Calder show a celebration of life

Gallery: St. John's College exhibit showcases the famous artist's varied works in Mitchell Gallery.

Arundel Live

April 10, 2003|By Phil Greenfield | Phil Greenfield,SPECIAL TO THE SUN

Life may indeed imitate art, but the deal is commutative. Art also imitates life.

And the century just past, with its world wars, holocausts, nuclear explosions, five-year plans and media-fed mass culture, has inspired a body of art as depressing, angst-ridden and emotionally raw as the era that spawned it.

That's why the varied works of Alexander Calder (1898-1976) are such a delight. Ingenuity, clarity and a spirit of play animate the prints, sculptures, mobiles, etchings, lithographs, woolen tapestries and book illustrations churned out with such regularity by the Pennsylvania-born artist, whose breezy inner vision did so much to leaven the heaviness of his aesthetic time.

That joie de vivre is the animating theme of Celebration of Life: Graphic Works of Alexander Calder, a collection of 26 handsome Calder pieces on display at the Mitchell Gallery on the campus of St. John's College in Annapolis through April 18.

This lovely aggregation of floating butterflies, whimsical elephants, pyramids, spirals and other boldly colored geometric shapes is on loan from the Philip and Muriel Berman Museum of Art at Ursinus College in eastern Pennsylvania.

Calder's family background makes one wonder if he had any choice but to become an artist. His mother was a painter, and his father a sculptor with several major works of American civic art to his credit. It was his grandfather who sculpted the statue of William Penn still perched so majestically atop Philadelphia's City Hall.

It appears the young Calder was something of a dabbler, trying his hand at engineering, sales, drafting and map-making before charting his career course with authority in 1923 when he joined the Art Students League.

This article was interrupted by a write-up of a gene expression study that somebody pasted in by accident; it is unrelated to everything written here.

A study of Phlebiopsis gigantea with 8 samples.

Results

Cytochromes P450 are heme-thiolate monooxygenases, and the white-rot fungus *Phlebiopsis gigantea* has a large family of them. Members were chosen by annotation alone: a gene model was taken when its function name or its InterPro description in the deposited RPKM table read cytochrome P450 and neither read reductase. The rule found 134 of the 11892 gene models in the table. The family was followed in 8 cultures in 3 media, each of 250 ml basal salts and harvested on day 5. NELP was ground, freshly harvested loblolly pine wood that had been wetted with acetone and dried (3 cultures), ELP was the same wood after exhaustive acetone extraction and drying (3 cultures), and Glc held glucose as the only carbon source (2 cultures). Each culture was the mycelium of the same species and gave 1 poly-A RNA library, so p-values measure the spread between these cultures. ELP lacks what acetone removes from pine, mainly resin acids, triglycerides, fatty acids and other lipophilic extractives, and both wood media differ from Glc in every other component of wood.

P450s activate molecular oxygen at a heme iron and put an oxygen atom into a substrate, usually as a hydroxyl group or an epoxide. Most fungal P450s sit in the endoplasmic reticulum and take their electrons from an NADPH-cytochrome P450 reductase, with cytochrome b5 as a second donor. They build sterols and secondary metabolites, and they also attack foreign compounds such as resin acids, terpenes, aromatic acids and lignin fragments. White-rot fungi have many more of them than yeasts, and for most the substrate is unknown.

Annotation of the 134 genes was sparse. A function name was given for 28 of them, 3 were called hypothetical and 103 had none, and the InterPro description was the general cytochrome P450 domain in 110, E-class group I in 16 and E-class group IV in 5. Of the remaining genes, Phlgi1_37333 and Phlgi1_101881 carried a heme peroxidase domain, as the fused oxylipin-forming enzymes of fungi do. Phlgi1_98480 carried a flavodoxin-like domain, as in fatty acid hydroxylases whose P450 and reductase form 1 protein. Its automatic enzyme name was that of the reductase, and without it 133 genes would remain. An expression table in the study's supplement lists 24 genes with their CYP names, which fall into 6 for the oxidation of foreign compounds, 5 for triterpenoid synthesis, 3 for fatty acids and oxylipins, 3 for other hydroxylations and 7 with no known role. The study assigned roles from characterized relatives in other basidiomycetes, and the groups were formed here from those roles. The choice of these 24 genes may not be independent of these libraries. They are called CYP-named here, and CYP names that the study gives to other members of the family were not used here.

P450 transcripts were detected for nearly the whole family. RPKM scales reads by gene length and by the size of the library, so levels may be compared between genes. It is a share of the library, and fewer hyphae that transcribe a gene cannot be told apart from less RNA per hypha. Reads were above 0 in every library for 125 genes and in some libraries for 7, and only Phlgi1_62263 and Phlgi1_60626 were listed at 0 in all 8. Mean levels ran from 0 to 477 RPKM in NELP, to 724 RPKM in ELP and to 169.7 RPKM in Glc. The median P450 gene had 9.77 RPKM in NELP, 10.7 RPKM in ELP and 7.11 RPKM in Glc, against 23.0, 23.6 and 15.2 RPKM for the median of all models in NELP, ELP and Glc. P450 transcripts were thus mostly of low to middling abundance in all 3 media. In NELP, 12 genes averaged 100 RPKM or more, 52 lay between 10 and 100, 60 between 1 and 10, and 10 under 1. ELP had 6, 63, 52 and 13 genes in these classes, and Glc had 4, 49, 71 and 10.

In 1926, he published Animal Sketches, a set of drawings based on his visits to zoos and the Ringling Bros. and Barnum & Bailey Circus.

Three years later came Calder's first one-man show in Paris, and the artist whose metal sculptures, mobiles, tapestries, prints, posters and jewelry designs would win him so many honors was off and running.

A stroll around the Mitchell confirms that the names Calder selected for his works could be as unaffected as the works themselves.

Nostalgic Flight offers a childlike image of yellow moons enclosing colorful ladybug shapes.

Blithe spirits also are on display in Snail and Fish, where the aquatic figures smile as they swim. Calder's elephants, silhouetted in red, purple and gray, look pretty chipper themselves.

Late in his life, the artist began designing tapestries, which were woven in France, where the art had been practiced since the Middle Ages.

At first designed on sheets of paper, Calder's evocative shapes and bright colors were dyed onto wool imported from Australia.

His Spiral, created in 1976 and arguably the most striking piece in the entire collection, is one of three such tapestries on display.

"If you like what you gave them," said the obliging Calder of the weavers who transferred his designs to fabric, "you have to like what you get back."

The Mitchell Gallery on the campus of St. John's College serves the greater Annapolis area with the only fully secured, climate-controlled fine arts facility in Anne Arundel County.

The museum is open Tuesday through Sunday from noon to 5 p.m. and on Friday evenings from 7 p.m. to 8 p.m. There is no admission charge. "Celebration of Life: Graphic Works by Alexander Calder" will be on display through April 18.